The Movie Is a True Story…Seriously.
Released by Touchstone Pictures in 1992, Captain Ron, starring Kurt Russell, delivers truer ties to reality than you might think.  

Released by Touchstone Pictures in 1992, Captain Ron, starring Kurt Russell, delivers truer ties to reality than you might think.  


Yes, in its own goofy, farcical, stupid way, Captain Ron accurately reflects a slice of cruising history in ways that the seriously bogus 2013 film All Is Lost with Robert Redford never could. (Really, who would ever speak “SOS” into their VHF radio mic?)

The age of fiberglass brought cruising to the masses beginning in the 1960s, and that included a certain small percentage of—let us say—exceptional individuals. Call them adventurers, gentlemen of the highway, except with boats. Think of Florida, as it always has been, a haven for all manner of scalawags, boozers, bongers and bull slingers, either conceived locally or as fugitives from a colder place.

What happened when some of these fellows managed to get themselves run out of Florida in the 1970s and ’80s? Where did they go?

To the Caribbean, of course.

SOUTHBOUND AND DOWN

My first viewing of Captain Ron was in 1999 with a bunch of cruisers at Puerto Blanco Marina in the Dominican Republic. That’s also where I met one of my first Rons. He was an amiable enough fellow for a graduate of the U.S. penal system. He’s still alive, and I have actually listened as a trusting newbie declared that he would follow the good captain anywhere.

I wouldn’t. He’s sunk three boats that I know about, and one is still a hazard to navigation at Sapodilla Bay in the Turks and Caicos.

What better affirmation of the film’s most enduring takeaway points:

Martin Harvey: We don’t know how to drive a boat.

Captain Ron: The best way to find out…is to get her out on the ocean. If anything is going to happen, it’s going to happen out there.

Knowing I would be introducing Captain Ron to a cruising audience, I decided to test my assumptions about the film’s origins. I contacted the author of the screenplay, John Dwyer of Austin, Texas, who revealed that the movie was indeed based on events that happened to his own family during a 1969 boat delivery.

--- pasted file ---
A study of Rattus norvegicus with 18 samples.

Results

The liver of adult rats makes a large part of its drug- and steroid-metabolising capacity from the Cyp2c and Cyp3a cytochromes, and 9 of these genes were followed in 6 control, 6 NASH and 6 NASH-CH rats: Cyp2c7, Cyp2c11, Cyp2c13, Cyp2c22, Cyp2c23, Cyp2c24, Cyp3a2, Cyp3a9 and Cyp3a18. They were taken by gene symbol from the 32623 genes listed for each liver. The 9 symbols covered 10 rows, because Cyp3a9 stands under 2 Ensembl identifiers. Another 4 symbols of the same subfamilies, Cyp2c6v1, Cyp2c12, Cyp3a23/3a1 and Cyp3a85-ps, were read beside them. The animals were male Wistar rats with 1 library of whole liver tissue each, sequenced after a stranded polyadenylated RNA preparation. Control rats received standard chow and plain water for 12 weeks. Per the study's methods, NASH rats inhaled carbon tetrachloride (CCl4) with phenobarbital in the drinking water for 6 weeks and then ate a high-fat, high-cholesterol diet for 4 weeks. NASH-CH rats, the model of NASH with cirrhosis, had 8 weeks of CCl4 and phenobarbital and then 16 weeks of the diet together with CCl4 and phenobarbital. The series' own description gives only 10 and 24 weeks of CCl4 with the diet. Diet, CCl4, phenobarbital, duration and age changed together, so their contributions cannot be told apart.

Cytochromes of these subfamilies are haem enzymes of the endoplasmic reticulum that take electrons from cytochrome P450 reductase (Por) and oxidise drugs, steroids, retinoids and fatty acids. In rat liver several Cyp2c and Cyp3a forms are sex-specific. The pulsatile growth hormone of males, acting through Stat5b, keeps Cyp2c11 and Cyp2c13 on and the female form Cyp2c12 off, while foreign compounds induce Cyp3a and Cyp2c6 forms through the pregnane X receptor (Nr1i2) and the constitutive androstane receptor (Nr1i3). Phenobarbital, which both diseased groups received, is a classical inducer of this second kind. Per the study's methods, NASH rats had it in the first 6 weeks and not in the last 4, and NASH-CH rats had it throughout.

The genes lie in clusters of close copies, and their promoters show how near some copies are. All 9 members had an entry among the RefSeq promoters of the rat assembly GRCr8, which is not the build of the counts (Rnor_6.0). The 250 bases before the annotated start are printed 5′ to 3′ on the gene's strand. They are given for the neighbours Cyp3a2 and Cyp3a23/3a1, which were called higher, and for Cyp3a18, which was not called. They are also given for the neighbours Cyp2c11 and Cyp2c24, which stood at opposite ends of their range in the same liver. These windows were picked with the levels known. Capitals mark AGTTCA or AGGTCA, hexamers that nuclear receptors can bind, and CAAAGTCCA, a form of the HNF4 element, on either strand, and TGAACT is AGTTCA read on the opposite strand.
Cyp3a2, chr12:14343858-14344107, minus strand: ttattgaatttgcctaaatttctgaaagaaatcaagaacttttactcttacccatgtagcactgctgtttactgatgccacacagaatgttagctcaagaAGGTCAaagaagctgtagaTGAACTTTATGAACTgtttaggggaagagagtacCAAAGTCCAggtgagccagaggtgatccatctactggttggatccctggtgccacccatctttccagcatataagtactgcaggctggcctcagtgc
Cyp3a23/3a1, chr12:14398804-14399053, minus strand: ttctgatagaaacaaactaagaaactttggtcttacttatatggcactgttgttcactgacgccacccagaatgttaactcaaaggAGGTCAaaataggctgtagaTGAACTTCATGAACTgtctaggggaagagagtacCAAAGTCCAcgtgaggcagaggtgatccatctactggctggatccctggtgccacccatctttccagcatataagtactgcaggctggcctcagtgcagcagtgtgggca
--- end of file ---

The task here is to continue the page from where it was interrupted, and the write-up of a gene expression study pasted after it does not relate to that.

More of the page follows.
Dwyer told me his father was a Mad Men-style advertising executive: a status-conscious, conspicuous spender who wanted to outdo his boat-owning colleagues. So, he bought a used Chris-Craft Commander at the Fort Lauderdale International Boat Show and convinced his family that it would be an adventure for all of them to bring the boat back to Texas. His broker convinced him that he didn’t have the experience to do it without a paid captain, so he hired Captain Ron. (Yes, his name was Ron, and he claimed to be a captain.)

A PEG LEG, TOO

Like movie Ron, the real Ron had one functioning eye and, amazingly, a wooden peg leg. Dwyer told me this detail would have been too ridiculous, even for a movie that was trying to be ridiculous. Real Ron was drunk so much of the time that they called him “Ron Rico” in honor of the cheap brand of rum he favored. (And, yes, movie Ron’s surname is Rico as well.)

During the trip to Texas, all the boat’s electronics failed, the electrical system experienced multiple failures, and Ron managed to get lost on the Intracoastal Waterway. During a stormy passage in the Gulf of Mexico, the Dwyer family feared for their lives in heavy seas. Ron tried to seduce Dwyer’s mother. At one point, Dwyer’s father threatened to throw Ron overboard.

Chevy Chase was originally considered for the title role, and the first script was written as an edgy adult comedy. But the Disney studio wanted it to be a family movie instead. As a result, Dwyer turned the big powerboat into a Formosa 51 (referred to as a 60 in the film), and changed the motivation from ad-man-seeking-status to family-inherits-sailboat-and-seeks-adventure-in-the-Caribbean.

(Another fun fact: According to Dwyer, Short was originally cast as Captain Ron and Russell as the dad, but the two got drunk one night and decided to switch roles. The universe has been grateful ever since.)

Like the Ron character, the Harvey family is also real. In the ’70s and ’80s, the islands were full of innocents looking to fulfill escape fantasies. Hey, some are still out there, but I worry that we may be running out of Rons. The world is cracking down.

“Where have all the pirates gone?” nautical troubadour Eileen Quinn once asked in her song of the same name. Her answer: “They’re pumping gas in Marathon.”

Think about it: the Rons of the world were already an endangered species even before the Florida Keys had self-serve gas stations.